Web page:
BEIRUT — The head of the Free Patriotic Movement, Gebran Bassil, once again lashed out at his main political rival Samir Geagea, head of the Lebanese Forces, on Saturday, accusing him of having no program for the upcoming presidential election, except for posing as a "challenge" to Bassil, son-in-law of the incumbent president, Michel Aoun, and his political party.
Bassil's remarks played on the expression used earlier this week by Geagea, who rejected a future consensual president and called for a "president of challenge" to the ruling majority.
Both Geagea and Bassil are widely anticipated to be candidates for the presidency despite neither having officially announced they will run for the office. The time frame for electing a new president runs from Aug. 31 to Oct. 31, when the term of Aoun, founder of the FPM, expires.
"Your only project is to bring down Aoun, Gebran and the FPM," Bassil said in a comment directed at Geagea during a speech at the opening of a camp for the FPM's youth in Smar Jbeil in Bassil's constituency of Batroun.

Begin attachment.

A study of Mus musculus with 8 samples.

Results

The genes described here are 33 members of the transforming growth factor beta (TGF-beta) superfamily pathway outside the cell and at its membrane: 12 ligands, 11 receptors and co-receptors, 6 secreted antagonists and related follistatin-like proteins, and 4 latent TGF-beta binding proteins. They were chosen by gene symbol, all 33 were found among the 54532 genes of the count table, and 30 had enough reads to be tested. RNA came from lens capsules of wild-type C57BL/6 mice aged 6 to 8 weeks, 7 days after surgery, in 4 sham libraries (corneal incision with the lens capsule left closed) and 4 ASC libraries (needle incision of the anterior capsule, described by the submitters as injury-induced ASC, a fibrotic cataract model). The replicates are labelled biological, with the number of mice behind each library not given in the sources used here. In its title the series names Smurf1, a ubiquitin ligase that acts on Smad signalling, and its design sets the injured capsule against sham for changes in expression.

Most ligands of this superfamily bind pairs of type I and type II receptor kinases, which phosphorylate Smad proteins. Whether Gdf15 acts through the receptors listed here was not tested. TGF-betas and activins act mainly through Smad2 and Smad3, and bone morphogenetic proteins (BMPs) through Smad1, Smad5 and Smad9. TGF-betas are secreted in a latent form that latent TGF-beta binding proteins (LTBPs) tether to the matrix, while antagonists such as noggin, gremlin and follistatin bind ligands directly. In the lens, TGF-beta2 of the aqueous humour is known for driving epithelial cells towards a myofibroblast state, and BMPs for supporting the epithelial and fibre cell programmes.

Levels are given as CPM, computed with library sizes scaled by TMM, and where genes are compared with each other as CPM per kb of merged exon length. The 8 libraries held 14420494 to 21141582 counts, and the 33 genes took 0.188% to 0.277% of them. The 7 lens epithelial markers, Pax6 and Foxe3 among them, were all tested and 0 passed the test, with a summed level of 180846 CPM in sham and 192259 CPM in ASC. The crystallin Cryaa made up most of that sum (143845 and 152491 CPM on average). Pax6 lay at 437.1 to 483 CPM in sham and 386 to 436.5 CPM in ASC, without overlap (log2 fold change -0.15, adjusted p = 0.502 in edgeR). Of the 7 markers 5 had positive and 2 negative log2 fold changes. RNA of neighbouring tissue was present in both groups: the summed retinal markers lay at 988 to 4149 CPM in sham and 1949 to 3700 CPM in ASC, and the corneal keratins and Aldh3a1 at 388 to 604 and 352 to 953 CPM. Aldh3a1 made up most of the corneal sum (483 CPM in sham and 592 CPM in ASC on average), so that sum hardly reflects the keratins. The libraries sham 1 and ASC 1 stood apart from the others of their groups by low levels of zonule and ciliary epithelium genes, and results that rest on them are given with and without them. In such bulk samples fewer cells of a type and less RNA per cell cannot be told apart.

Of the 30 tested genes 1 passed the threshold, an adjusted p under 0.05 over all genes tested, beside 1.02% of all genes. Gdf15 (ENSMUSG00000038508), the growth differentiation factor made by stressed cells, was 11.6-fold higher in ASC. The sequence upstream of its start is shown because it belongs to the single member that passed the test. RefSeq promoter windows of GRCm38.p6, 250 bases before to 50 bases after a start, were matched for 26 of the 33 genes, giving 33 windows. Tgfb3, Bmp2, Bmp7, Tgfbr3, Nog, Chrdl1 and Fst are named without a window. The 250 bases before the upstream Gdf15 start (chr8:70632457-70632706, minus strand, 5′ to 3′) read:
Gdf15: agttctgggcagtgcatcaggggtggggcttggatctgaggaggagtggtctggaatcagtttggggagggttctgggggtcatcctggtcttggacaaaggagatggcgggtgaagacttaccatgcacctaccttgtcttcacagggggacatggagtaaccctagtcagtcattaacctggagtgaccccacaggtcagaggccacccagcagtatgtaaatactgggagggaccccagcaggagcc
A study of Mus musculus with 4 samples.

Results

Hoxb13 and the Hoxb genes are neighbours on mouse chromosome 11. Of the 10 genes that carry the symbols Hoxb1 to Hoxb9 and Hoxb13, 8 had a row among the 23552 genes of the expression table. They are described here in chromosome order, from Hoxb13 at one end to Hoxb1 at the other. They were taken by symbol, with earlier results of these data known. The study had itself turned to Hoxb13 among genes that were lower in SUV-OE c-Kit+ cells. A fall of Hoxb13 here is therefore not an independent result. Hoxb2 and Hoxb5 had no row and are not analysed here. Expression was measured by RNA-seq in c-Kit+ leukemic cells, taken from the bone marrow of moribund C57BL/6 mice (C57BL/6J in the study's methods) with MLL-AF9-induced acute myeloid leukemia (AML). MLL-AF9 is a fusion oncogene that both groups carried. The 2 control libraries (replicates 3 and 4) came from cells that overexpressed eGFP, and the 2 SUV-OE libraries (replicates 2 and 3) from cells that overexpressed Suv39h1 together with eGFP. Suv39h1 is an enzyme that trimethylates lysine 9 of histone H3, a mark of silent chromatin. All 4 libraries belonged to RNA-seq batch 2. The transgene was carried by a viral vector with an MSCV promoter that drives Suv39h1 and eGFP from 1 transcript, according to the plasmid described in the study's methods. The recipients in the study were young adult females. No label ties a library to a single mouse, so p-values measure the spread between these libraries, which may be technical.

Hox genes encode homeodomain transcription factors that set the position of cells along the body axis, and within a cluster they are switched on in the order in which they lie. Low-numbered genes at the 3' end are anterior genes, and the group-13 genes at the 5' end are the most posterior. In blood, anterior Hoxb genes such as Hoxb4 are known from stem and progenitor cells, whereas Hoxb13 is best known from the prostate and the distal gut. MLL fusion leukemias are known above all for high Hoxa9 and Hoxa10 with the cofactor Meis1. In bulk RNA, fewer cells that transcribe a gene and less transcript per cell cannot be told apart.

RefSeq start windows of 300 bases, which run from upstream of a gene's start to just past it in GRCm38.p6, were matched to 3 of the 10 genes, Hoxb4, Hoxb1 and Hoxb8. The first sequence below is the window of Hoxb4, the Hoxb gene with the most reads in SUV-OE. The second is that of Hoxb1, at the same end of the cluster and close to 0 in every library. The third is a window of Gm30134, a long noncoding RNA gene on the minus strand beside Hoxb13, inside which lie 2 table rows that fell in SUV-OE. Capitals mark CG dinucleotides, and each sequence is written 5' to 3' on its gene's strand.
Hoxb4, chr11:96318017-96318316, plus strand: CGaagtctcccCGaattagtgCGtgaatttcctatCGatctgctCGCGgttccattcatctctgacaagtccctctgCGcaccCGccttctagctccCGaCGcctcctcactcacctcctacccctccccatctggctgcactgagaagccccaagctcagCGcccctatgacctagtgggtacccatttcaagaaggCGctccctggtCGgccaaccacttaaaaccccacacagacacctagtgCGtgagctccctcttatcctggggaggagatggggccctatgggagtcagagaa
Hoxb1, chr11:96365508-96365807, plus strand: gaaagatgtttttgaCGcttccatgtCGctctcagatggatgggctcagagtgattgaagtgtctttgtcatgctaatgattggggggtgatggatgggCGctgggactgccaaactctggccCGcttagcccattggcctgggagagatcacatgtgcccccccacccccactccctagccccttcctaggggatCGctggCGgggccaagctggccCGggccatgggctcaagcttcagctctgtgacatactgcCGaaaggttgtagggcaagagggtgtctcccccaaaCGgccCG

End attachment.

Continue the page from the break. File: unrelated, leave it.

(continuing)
Bassil also criticized the LF for not having a "project on electricity" in a country where the state provides only a few hours of power per day — a bold criticism given that ministers from the FPM or close to the party have headed the Energy Ministry since 2008.
"Their only project is to defeat the FPM's project for power supply and dams," Bassil added.
"They also have no project or program for the future president. Their president wants only a president of "challenge" to Gebran and the FPM," he said. "They want a head of state who does the opposite of what we do and who abandons partnership, representation, the National Pact and reforms," he continued.
"The crisis we are experiencing in Lebanon is bigger than a crisis of power and system. It is a moral crisis," Bassil went on. This crisis "has made the criminal strong and has made thieves and collaborators smart, and the collapse of morality is the cause of the collapse of the state, itself the cause of the economic and financial collapse," he added.
On Friday evening, Geagea also spoke about the upcoming presidential election, saying that it was now "possible that the next president will not be from 8 March," the political camp to which Bassil belongs. "We consider that this represents 50 percent of the mission, and the other half of this mission is that whoever will be elected president must be able to face up to his convictions and take a minimum of firm positions," he said, contending that without this "nothing will change."